Books to the Sky

“Books to the ceiling, Books to the sky, My pile of books is a mile high. How I love them! How I need them! I'll have a long beard by the time I read them.” ― Arnold Lobel

The Tale of the Dueling Neurosurgeons: The History of the Human Brain as Revealed by True Stories of Trauma, Madness, and Recovery

on December 7, 2015

thetaleoftheduelingneurosurgeons

The current state of neuroscience is amazing. So many conditions can be treated that used to be considered hopeless. New treatments for old conditions emerge more and more often. In October 2015, an active brain surgery to reduce symptoms of Parkinson’s disease was aired live on television. Everyone knows that this level of knowledge wasn’t achieved overnight, but how much do we know about the journey?

One thing has held true over the years: progress is messy. Sam Kean takes us through the history of that messy progress in a wonderful way. Through intriguing true stories, Kean maps out the route neuroscience has taken to get to present day marvels. Amongst the plethora of intriguing stops are: the clashing camps of scientists arguing over whether neurons were in a huge net or had gaps for the signals to cross, the knowledge gained from WWI amputations regarding the brain’s sense of self, the discovery of the cannibal disease kuru, Capgras syndrome where the sufferer believes people have been replaced with a double, Phineas Gage, the man who survived a pipe through his brain in 1848 but with a huge personality change, and so many more. This is a fascinating book. Sam Kean presents the stories in an engaging manner, starting each chapter with a rebus puzzle. If you’re at all interested in the little quirks and big strangeness of which the brain is capable, you’ll enjoy this book.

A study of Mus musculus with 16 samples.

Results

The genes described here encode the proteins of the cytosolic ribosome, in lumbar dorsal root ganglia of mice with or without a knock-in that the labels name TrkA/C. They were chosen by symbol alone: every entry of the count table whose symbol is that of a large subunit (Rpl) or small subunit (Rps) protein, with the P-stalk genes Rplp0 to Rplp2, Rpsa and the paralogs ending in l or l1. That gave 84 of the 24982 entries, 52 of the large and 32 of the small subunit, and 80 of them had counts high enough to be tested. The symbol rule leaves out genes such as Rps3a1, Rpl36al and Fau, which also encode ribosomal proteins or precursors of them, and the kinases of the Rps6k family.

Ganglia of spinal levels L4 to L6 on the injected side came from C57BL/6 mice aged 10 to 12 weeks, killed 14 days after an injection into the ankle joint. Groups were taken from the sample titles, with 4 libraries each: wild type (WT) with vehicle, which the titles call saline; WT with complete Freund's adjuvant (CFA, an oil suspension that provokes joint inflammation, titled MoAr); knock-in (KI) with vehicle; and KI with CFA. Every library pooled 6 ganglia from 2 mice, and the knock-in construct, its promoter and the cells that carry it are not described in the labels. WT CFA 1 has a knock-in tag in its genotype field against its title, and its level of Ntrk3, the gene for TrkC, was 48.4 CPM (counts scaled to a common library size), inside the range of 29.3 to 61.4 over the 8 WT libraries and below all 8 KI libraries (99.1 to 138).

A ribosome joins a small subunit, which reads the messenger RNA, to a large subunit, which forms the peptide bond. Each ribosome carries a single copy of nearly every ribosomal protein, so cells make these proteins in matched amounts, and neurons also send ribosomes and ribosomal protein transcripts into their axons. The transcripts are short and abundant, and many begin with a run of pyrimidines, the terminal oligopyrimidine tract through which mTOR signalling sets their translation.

Due to an unfortunate conflict between the library due date and my cornea, I had to return the book before completion. At a little over the halfway mark, I am chomping at the bit to get my own copy so that I can finish the book. (Side note: be careful with disposable contact lens. Don’t wear them significantly longer than recommended. Your cornea will thank you.)


  1. DLAnderson says:

    Sounds good, and I’ll read it all the way through since I do not wear my contacts to sleep!!!!!!